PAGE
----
Los Angeles County prosecutors on Wednesday declined to file charges against a 23-year-old man arrested earlier this week on suspicion of killing 1-year-old Autumn Johnson in Compton, a district attorney’s spokeswoman said.
Prosecutors have “asked for further investigation from the investigative agency,” spokeswoman Sarah Ardalani said in an email. Ardalani said the office would not comment further.
Ray Howard Patterson was taken into custody Monday in Compton by sheriff’s investigators. Authorities said detectives suspected him of being the gunman in the child’s killing, which drew widespread outrage. He was released Wednesday evening.
“Detectives believe there are community members who can help solve this tragic, senseless murder of a baby,” the statement said.
On Feb. 9 about 7 p.m., a man walked up to a converted garage in Compton and opened fire, striking the child in her crib. Also present was the child’s mother, who was not injured.
The man then got into a blue Chevrolet Impala, which drove away. Authorities were looking for two men, a driver and a shooter.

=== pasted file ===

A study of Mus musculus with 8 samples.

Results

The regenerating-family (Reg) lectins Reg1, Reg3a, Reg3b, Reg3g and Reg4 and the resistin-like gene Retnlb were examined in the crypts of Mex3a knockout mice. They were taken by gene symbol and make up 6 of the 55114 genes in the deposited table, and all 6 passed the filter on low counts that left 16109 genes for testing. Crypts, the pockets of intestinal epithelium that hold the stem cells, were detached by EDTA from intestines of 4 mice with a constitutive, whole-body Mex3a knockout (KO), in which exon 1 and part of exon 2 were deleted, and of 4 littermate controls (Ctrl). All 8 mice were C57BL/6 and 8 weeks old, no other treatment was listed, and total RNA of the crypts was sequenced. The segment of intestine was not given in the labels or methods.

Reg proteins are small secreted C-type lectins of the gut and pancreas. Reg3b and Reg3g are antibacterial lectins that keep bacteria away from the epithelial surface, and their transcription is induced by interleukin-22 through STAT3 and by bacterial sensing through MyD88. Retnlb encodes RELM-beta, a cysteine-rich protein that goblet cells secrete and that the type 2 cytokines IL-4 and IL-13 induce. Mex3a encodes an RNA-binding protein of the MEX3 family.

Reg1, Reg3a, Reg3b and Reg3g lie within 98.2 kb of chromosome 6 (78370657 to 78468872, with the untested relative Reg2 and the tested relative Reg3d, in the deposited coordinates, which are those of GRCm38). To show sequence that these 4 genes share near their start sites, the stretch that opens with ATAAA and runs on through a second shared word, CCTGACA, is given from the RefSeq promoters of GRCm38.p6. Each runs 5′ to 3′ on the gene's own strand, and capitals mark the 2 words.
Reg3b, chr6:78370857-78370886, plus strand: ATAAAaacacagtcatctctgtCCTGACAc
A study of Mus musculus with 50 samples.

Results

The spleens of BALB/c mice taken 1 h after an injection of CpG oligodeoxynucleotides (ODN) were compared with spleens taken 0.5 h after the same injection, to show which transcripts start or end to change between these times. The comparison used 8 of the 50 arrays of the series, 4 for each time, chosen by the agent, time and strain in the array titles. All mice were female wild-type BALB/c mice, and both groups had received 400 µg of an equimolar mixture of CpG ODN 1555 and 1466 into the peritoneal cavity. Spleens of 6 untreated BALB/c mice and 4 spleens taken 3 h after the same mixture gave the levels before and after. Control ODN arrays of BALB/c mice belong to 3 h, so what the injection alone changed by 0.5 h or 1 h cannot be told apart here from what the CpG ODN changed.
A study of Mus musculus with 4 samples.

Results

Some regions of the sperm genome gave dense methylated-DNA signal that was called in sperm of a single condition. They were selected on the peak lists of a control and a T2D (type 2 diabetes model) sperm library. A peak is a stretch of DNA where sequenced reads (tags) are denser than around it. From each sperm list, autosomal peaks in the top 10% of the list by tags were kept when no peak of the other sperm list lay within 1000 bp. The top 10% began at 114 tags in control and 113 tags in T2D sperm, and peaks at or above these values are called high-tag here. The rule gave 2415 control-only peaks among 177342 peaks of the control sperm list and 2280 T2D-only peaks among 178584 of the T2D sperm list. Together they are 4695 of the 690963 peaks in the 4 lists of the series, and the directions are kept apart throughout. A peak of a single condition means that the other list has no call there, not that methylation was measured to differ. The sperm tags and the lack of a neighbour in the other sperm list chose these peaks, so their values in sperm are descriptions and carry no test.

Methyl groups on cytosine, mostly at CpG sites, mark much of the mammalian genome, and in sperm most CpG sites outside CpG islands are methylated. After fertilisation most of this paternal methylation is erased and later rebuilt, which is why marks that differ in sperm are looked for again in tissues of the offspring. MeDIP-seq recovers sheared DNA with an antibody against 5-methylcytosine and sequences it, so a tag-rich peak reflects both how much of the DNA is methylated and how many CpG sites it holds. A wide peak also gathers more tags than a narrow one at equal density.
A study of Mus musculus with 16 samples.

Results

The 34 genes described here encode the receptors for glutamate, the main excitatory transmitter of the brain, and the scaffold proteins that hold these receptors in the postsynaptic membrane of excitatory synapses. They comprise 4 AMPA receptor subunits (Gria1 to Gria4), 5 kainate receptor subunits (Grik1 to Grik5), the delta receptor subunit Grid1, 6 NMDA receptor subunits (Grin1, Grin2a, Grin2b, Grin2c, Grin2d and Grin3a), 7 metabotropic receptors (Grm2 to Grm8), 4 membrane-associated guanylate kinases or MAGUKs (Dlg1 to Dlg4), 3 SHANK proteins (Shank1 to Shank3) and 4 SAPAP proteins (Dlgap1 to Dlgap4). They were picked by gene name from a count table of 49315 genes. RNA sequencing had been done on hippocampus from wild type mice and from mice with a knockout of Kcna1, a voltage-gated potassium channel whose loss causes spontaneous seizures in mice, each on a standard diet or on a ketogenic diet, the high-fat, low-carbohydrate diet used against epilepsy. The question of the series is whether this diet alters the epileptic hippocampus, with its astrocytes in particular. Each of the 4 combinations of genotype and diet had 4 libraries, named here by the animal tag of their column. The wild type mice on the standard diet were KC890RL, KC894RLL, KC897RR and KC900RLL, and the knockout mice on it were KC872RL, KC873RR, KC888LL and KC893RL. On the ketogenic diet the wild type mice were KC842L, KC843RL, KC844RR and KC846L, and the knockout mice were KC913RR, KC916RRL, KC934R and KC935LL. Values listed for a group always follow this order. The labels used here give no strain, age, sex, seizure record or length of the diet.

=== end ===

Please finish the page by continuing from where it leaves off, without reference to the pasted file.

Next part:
Deputies called to the scene rushed Autumn to St. Francis Medical Center in Lynwood in a patrol car, where she was pronounced dead.
Los Angeles County, the FBI and the city of Compton have offered a combined $75,000 reward for information leading to the conviction of Autumn’s killer.
Sheriff’s Capt. Steve Katz, who oversees the homicide unit, said earlier this week that investigators were still gathering evidence and trying to determine a motive for the shooting.
On Saturday, funeral services were held for Autumn, described as an outgoing child who had just learned to walk.
Her mother, Blanche Wandick, who was preparing a bottle for Autumn when she was shot, told mourners that she missed her baby.
“It’s just so hard,” Wandick said. “I feel like my life is over. I wish it would have been me instead of her. She was my future, my firstborn.”
Sheriff’s officials urged anyone with information about the killing to contact detectives at (323) 890-5500 or call the anonymous tip line, (800) 222-8477.